Raincoats and ski masks were out in full force for the opening day of Eaglecrest Ski Area.
Around 100 skiers and snowboarders came out for a wet and blustery start to the ski season on Saturday, getting in their first turns on a small finger of the mountain just outside the Porcupine Lodge. The skiing and riding was limited to Muskeg Trail, a short and mild-sloped run serviced by the Porcupine Chairlift, as the surrounding hills and slopes remained dormant with only a shallow layer of snow.
Eaglecrest staff deployed newly-acquired snow guns on Muskeg a week earlier to make the trail operational. General Manager David Scanlan said weather conditions cooperated for a 65-hour window from last Friday to Monday that allowed the machinery to do its job. Air temperatures must be 28 degrees or cooler in order for the snow guns to operate, Scanlan said.
Scanlan, who was hired before the start of last season, said the hard work was well worth it.
“It’s like the family’s coming back home, because it is — it’s like a big family,” he said of opening day. “When we’re open and all the friendly faces are up, it’s a really good feeling. That’s why we work hard all season long, is to provide a great experience for all of our customers. So it’s great seeing them all come back up and seeing the smiles on the faces and seeing the little kiddos.”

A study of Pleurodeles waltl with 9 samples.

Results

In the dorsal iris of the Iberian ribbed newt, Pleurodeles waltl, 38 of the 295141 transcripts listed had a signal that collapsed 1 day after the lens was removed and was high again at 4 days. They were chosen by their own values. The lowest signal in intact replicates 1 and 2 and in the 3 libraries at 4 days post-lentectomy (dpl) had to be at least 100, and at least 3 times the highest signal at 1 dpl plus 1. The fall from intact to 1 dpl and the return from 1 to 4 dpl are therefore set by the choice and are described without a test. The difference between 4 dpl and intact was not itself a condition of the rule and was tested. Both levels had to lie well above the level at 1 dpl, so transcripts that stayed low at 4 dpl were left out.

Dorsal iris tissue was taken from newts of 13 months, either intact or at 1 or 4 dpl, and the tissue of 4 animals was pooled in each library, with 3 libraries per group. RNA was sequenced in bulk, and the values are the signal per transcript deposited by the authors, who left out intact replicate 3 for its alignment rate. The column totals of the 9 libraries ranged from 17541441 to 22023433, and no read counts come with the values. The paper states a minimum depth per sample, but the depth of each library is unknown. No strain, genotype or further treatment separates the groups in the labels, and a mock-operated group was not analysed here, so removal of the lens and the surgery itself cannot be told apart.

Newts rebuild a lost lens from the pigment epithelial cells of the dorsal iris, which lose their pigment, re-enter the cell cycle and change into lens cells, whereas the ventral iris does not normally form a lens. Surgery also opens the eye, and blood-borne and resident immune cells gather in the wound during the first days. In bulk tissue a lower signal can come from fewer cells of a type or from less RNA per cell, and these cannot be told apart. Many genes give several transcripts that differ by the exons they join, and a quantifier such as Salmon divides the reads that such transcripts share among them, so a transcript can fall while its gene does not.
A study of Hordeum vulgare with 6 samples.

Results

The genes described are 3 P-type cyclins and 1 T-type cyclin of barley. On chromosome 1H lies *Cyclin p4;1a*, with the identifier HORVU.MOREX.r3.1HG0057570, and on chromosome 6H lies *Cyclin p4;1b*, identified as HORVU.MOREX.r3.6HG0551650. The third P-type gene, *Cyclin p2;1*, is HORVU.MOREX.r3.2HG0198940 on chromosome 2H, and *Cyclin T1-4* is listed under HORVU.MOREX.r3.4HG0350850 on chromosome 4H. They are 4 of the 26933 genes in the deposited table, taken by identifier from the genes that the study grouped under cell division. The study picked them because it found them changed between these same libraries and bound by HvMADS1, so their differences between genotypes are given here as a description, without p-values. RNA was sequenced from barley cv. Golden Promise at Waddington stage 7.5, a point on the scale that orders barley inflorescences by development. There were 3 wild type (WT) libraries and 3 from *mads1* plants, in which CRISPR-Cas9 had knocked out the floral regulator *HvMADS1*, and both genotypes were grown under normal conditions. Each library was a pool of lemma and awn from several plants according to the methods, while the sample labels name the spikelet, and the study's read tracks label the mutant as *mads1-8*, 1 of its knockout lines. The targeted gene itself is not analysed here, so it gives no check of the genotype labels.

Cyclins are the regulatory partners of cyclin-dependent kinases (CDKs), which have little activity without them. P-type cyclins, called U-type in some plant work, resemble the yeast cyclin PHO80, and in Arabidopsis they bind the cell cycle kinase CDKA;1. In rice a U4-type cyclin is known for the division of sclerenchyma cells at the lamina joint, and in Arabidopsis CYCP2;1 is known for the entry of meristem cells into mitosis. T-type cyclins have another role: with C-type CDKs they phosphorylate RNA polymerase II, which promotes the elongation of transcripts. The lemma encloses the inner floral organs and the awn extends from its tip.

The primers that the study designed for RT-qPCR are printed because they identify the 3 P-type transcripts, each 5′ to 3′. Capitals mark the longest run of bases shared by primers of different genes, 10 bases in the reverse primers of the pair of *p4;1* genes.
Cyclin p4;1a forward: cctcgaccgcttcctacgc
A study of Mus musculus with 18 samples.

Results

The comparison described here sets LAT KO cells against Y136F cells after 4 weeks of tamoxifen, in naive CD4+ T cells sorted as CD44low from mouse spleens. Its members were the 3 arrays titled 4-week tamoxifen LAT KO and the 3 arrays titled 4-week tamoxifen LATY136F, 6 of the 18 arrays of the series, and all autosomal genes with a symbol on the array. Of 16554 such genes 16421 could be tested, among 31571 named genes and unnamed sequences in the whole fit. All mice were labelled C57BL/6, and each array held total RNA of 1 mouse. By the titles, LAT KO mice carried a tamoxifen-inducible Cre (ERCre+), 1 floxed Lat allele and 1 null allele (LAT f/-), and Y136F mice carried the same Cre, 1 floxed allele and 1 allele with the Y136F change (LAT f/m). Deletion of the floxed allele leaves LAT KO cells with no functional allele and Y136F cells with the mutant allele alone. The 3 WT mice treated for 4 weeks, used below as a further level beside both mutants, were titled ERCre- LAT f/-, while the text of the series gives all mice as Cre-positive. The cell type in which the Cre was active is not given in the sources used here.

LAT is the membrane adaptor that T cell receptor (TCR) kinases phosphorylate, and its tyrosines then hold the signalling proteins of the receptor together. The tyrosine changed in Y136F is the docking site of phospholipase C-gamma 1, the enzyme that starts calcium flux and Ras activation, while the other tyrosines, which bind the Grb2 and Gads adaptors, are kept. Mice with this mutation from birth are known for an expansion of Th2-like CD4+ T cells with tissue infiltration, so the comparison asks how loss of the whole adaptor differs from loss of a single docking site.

Rowan McGraw, a freshman at Thunder Mountain High School, was making the most of the opening day.
“I’ve been waiting for the past year for it to open,” said McGraw, who picked up snowboarding last season.
Noelle Derse stood watch outside the lodge as her sons, Will and Eero Woolford, zipped down the slope with purpose and an eye for terrain to launch over. The skiing siblings and several of their friends took turns hopping off a small jump near the bottom of the hill.
“They were so eager to get up here and they couldn’t wait,” said Derse said. “They were here right when it opened.”
The brothers, 13 and 12, respectively, both hope to master several new tricks this season. Eero has his mind set on landing a 360, a stunt he started working on long before Saturday.
“My younger son practices his 360s without the skis on in the house,” she said.